Deliverable 1 1 A standardised method for the isolation of B anthracis specific bacteriophages

Introduction: One of the aims of this project is to harmonise and standardize methods across the network so that results obtained from different laboratories can be compared. We have developed a B.anthracis specific bacteriophage isolation method for the recovery of phages from B.anthracis contaminated animal burial sites (WP1.1). The method shown below is a composite of the approaches developed by researchers from Kafkas University in Turkey (KAU), the Eliava Institute in Georgia (EIG) and Cardiff University in the UK (CU). Training in this combined method has already been provided to researchers from the National Center for Disease Research in Georgia.

Composite B.anthracis specific Bacteriophage isolation and production methods

Bacteriophage isolation from soil
Environmental phage isolations were performed by adding 25 g of soil to 25 ml of TSB followed by the addition of 10 ml of mid-log phase culture of the Sterne strain of Bacillus anthracis. The resulting suspension was mixed thoroughly and was incubated overnight at 37°C with shaking at 125 RPM.

Each incubated mixture was centrifuged at 5,000 x g for 20 mins and the supernatant fraction was filtered using syringe filter of pore sizes 0.45 μm and then 0.22 μm. Each filtrate was screened for the presence of bacteriophages against B. anthracis Sterne using the agar method described below.

To recover the phage a plug of agar which included the plaque was taken and
suspended in 500 µl phage buffer to which a small drop of chloroform was added to lyse any remaining bacterial cells. The suspension was vortexed and then left overnight at 4°C to allow any phage particles to diffuse out of the agar. The samples were centrifuged at 5,000 x g for 10 minutes and the supernatant fraction decanted into a sterile microcentrifuge tube.

This solution was then retested for the presence of phage using the agar method and if plaques were seen, the extraction was repeated a minimum of three times to ensure that the phage preparation was pure. If plaques were not seen after an initial round of purification and testing against B. anthracis, no further testing was performed.
Bacteriophage plaque morphology: The plaque morphology of each phage was determined using an agar overlay method. The phage preparation at a range of dilutions was added to overnight cultures of the propagation strain of bacteria in 5ml molten TSA agar. The agar was poured over the surface of a TSA plate and allowed to dry. The plate was then incubated overnight at 37°C for 18 – 24 hours and examined for the presence of plaques.

Bacteriophage propagation
Bacteriophage propagation in broth was performed by inoculating fresh TSB with 50 μl of an overnight culture of the bacterium spore and 50 μl bacteriophage which was then incubated at 37°C and 180 RPM overnight. Following overnight incubation Vortex mix. Add a drop of chloroform at a ratio of 1:1000 chloroform: broth and Vortex mix again. Leave the suspension for 5 minutes and then centrifuge at 5,000 x g for 20 minutes to pellet the bacterial debris. The supernatant is then filtered using a double stacked syringe filter (0.45um and 0.22um filter joined together). The resulting phage suspension was stored at 4°C.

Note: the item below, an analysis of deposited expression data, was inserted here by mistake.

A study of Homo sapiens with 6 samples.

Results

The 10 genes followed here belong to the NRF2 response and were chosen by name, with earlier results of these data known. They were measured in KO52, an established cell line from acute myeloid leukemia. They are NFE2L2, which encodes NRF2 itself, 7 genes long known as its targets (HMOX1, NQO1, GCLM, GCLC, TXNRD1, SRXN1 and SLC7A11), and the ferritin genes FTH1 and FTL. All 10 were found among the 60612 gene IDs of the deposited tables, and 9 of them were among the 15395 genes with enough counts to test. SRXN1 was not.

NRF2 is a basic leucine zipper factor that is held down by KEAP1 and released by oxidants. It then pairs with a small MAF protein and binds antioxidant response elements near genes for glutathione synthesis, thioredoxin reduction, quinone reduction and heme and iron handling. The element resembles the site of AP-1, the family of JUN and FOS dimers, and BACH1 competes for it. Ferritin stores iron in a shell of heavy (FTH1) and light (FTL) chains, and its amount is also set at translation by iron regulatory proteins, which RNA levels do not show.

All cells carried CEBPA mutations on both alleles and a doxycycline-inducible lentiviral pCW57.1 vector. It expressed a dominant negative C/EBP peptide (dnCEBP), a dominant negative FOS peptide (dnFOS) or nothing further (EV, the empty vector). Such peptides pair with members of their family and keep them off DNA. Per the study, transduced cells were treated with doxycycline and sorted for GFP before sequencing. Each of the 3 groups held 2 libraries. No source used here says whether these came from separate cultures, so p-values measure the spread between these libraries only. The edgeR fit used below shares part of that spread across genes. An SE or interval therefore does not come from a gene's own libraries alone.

Bacteriophage enumeration (drop count method to determine PFU/ml): A version of the Bacteriophage agar propagation method was used.
1. Prepare a fresh culture of the bacteria (inoculate fresh media with 1ml of overnight culture of bacteria – usually will result in exponentially growing bacteria after 6 hr)
2.Prepare 8 eppendorfs filled with 900 μl of sterile PBS/water
3.Serial dilute bacteriophage in the 8 eppendorfs ensuring vortexing between each dilution using 100 μl neat bacteriophage culture
4.Add 0.1ml of exponentially growing bacterial host to 4.9ml of 50% TSA (or TSB with 0.7% agar-agar): pour agar as an overlay onto set TSA plate. Prepare two agar plates in total, allow to dry and divide into four sections.
5.Drop 10 μl of each bacteriophage dilution in triplicates onto one of the four sections.
6.Allow the drops to dry on the plate, then incubate overnight.
7.Phage titre determined as above (multiply by dilution and amount spotted to determine PFU/ml).

Spore production methods
The spore production method is adapted from a method developed by Curtis Thorne (J. Virol. 2(7):657.1968) The method is as follows;
1 Prepare an overnight broth and Incubate broth at 37oC
2 overnight with shaking at 250RPM
3 Remove broths from incubator and centrifuge at 3800 x g for 10 min at 20oC
4 Discard the supernatant and re-suspend in 10 mL Sterile distilled water
(SDW)
5.Innoculate 1 mL of this suspension into 50 mL NBYS broth. Incubate at 28 oC for 3 days with shaking at 250 RPM
6.Following incubation transfer broth to centrifuge tubes and centrifuge at 3800 x g for 15 min at 4oC.
7.Discard supernatant and re-suspend in 30 mL SDW
8.Store in the fridge at 4oC for 3 days
9. Remove suspensions from the fridge and centrifuge at 4oC for 15 min at 3800 x g.
10. Discard the supernatant and re-suspend pellet in 30 mL SDW
11. Heat shock suspensions at 65oC for 30 min
12. A 1 mL aliquot of the suspension will then be removed and perform pre and post heat shock viable counts. Aliquots are also looked at under x100 magnification phase contrast to see phase bright numbers.